The Rhineland: ‘We have no territorial claims to make in Europe.’

The evident weakness of the League and the distraction caused by Mussolini’s misadventures in Abyssinia encouraged Hitler to take his next step, another bold move against the terms of Versailles, when, in March 1936, he ordered his troops into the Rhineland. The use of the Rhineland as a military base had been banned as part of the treaty in order to protect France’s eastern border against future German expansion.

Hitler’s generals had tried to argue against such a manoeuvre, believing that it would force France’s hand into retaliation. Hitler, however, was prepared to take the gamble. He sent only a modest number of troops and gave orders that if the French were to take up arms, they were to withdraw immediately. Had it been the case, Hitler’s position may have looked vulnerable. But although the French protested they did nothing, and nor did the League. Economic sanctions against Germany, although an option, would have had an effect throughout Europe not just in Germany.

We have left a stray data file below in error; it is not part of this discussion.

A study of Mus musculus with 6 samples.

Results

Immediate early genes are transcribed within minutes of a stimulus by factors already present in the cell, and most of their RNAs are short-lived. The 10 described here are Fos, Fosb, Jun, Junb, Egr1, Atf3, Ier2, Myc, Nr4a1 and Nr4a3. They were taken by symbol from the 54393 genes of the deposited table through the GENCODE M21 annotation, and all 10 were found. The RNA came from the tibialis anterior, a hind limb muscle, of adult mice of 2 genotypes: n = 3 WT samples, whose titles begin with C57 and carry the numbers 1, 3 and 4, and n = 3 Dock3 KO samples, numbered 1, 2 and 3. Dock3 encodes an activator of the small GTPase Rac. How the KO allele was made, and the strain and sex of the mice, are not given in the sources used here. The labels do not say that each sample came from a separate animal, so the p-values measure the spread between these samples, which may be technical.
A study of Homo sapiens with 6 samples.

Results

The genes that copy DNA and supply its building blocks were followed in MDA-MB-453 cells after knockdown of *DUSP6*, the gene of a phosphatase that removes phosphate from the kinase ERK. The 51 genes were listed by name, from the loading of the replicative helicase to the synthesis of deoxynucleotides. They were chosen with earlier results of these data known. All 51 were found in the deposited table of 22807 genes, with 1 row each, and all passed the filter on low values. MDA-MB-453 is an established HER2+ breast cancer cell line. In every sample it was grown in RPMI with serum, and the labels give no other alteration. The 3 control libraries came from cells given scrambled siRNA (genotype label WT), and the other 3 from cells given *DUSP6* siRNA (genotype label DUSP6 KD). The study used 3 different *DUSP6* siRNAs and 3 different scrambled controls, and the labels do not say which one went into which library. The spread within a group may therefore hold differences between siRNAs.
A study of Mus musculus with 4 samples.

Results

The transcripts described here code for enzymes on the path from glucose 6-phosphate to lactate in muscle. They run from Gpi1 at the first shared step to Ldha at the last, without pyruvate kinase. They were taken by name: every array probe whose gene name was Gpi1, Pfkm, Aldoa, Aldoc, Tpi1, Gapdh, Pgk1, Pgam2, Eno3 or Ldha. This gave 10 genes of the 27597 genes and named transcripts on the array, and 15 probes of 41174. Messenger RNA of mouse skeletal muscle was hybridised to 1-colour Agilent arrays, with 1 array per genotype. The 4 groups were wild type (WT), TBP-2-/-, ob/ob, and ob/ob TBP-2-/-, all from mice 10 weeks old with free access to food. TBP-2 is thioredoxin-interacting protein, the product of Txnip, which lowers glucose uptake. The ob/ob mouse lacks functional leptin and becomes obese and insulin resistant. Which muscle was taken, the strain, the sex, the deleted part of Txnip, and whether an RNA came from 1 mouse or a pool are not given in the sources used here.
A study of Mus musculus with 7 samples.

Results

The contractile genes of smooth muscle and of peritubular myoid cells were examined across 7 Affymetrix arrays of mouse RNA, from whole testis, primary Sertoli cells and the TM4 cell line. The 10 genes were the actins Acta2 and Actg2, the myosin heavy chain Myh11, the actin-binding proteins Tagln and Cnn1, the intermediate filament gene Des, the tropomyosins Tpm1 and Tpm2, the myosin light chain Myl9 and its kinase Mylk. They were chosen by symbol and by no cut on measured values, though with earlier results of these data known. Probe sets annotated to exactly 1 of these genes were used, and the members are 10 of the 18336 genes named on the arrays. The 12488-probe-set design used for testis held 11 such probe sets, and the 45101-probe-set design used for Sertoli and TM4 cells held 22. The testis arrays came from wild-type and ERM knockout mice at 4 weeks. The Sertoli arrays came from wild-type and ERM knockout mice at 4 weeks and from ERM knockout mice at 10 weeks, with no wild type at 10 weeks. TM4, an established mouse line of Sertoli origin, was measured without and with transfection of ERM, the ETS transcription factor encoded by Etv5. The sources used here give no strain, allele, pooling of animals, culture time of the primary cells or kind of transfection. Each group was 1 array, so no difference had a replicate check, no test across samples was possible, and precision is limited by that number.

So, Hitler’s gamble paid off, and his prestige at home, already high, was enhanced yet further. Italy, still in the midst of fighting against the Abyssinians, took no interest. Britain, feeling that Germany was merely reclaiming her own ‘back garden’, also did nothing. ‘We have no territorial claims to make in Europe,’ remarked Hitler as his troops marched into the Rhineland. Although violating Versailles, his claim was not untrue, after all, the area was part of Germany; Hitler had not invaded a foreign country.

Previously, the people of the Saar region had wanted a return to Germany. The Saar had been under the authority of the League of Nations since 1920 as part of the Treaty of Versailles, and its coal transported to France as part of the reparations package. Versailles had allowed for a plebiscite (or a referendum) after fifteen years, which duly took place in January 1935 when 90.7 per cent voted to rejoin Germany. It was a small but satisfying victory for Hitler, who then claimed that Germany ‘had no further territorial demands to make on France’.